Sten Sture the Elder

Sten Sture, den äldre
Regent of Sweden
Stein Gustavson (Sture).jpg
Sculpted youth portrait
Reign1 June 1470 – 6 October 1497
12 November 1501 – 14 December 1503
PredecessorCharles VIII
John II
SuccessorJohn II
Svante Nilsson
Born1440
Died14 December 1503
Burial
SpouseIngeborg Tott
IssueNone
HouseSture
FatherGustav Anundsson Sture
MotherBirgitta Stensdotter Bielke

Sten Sture the Elder (Sten Sture den äldre; 1440 – 14 December 1503) was a Swedish statesman and regent of Sweden 1470–1497 and 1501–1503. As the leader of the victorious Swedish separatist forces against the royal unionist forces during the Battle of Brunkeberg in 1471, he weakened the Kalmar Union considerably and became the effective ruler of Sweden as Lord Regent for most of his remaining life.

Background

In contemporary sources he is alternatively referred to as Sten Gustavsson or Herr Sten (Lord Sten); the practice of using noble family names as part of a personal name was not yet in use in Sweden at the time. He was born around 1440, the son of Gustav Anundsson of the Sture family and Birgitta Stensdotter Bielke, half-sister of the future Charles VIII. The Sture family was one of the high-ranking noble families of the time, though only distantly related to the royal house; his closest royal ancestor was King Sverker II of Sweden (both through family of Vinga and through family of Aspenäs). Sture's father, Gustav Anundsson, was Castellan of Kalmar Castle and a Privy Councillor, but died when the son was four. Birgitta Stensdotter remarried Gustav Karlsson of the Gumsehuvud family, and the son was most likely raised in their home, first at Kalmar Castle and later at Ekholmen Castle.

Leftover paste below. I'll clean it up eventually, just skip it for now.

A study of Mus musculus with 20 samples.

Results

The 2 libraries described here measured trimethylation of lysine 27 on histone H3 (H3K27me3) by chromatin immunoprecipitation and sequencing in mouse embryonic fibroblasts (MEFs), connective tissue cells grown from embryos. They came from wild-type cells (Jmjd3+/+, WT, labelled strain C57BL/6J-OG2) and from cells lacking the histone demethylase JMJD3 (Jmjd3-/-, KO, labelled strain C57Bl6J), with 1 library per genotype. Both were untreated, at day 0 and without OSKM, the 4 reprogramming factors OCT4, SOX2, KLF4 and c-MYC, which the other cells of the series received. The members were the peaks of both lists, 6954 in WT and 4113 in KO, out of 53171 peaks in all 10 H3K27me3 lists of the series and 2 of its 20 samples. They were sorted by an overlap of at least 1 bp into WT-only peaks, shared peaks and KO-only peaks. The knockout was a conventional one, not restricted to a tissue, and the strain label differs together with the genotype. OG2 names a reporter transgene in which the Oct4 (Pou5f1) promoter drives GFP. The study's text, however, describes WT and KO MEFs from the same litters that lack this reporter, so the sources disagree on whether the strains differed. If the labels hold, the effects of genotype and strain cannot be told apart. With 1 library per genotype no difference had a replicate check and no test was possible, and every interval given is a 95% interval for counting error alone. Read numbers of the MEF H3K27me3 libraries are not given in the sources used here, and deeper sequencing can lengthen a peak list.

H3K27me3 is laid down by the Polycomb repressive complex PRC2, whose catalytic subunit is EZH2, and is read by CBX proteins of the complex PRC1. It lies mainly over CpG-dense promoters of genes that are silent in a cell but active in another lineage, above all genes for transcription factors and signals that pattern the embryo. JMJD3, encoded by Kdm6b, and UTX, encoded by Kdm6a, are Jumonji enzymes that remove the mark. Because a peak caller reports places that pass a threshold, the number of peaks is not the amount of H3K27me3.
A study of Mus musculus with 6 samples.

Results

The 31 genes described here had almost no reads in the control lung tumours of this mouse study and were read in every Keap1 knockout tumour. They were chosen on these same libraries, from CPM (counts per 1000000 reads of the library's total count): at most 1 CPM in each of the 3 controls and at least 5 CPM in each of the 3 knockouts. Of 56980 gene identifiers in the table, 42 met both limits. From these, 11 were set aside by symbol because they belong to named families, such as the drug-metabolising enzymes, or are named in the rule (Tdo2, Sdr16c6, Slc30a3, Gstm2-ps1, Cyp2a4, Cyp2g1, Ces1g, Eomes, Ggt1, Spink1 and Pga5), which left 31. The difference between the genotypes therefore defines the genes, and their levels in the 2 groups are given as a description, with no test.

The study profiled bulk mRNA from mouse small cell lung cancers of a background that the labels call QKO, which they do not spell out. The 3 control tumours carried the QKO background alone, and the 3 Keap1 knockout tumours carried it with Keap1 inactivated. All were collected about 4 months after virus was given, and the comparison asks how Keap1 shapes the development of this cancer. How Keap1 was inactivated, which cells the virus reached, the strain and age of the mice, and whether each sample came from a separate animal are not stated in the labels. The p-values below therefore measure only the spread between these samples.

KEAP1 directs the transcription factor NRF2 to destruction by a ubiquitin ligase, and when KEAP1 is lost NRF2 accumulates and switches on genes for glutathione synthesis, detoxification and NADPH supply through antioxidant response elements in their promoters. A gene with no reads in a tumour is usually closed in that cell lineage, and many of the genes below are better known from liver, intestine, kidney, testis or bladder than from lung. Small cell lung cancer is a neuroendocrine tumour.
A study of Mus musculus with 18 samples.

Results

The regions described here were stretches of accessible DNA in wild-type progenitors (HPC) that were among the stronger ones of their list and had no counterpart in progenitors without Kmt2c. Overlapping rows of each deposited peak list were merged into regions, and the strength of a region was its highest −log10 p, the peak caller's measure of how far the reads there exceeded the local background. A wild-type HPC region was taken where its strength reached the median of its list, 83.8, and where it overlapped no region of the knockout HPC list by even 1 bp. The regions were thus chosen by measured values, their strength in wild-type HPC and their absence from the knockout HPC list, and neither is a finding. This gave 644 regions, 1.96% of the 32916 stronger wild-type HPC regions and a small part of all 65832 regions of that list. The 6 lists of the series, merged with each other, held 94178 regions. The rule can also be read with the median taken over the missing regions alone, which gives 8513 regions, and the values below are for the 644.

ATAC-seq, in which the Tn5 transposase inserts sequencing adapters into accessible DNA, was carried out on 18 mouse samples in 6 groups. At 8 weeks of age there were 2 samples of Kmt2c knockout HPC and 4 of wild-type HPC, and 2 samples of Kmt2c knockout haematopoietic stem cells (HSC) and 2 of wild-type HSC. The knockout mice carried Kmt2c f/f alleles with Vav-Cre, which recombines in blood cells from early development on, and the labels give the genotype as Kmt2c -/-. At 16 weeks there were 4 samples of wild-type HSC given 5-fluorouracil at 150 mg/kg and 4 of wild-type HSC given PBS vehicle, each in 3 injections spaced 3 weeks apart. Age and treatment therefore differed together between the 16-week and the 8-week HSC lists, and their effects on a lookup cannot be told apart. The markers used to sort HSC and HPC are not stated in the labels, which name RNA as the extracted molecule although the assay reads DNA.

The 15th century in Sweden was largely defined by the political struggles and civil wars between the unionists of the Kalmar Union, seeking to unite Sweden with Denmark and Norway under the rule of the Danish monarchs, with Danish support, and the separatists seeking to re-establish Sweden as an independent kingdom under a rival Swedish monarch. Due to his close family ties to the Swedish King Charles, the young Sten Sture became part of the Swedish separatist political movement from an early age, and visited Charles during his exile in Danzig. He is mentioned as a knight in 1462 and as a privy councillor in 1466, and took up residence on the family estate at Räfsnäs north of Mariefred. Sture fought with Bishop and Regent Kettil Karlsson Vasa during the uprising against the Danish King Christian I in 1464, taking part in the decisive victory at Haraker. He served as a military commander under King Charles VIII, defeating Erik Karlsson Vasa's uprising at Uppbo in 1470 and later in the same year successfully beating back Christian I's forces at Öresten.

He married Ingeborg Tott, niece by marriage of Magdalen of Sweden, in 1467; she was a renaissance personality interested in theology and science and seems to have had some importance in the intellectual development during his reign. The marriage was childless.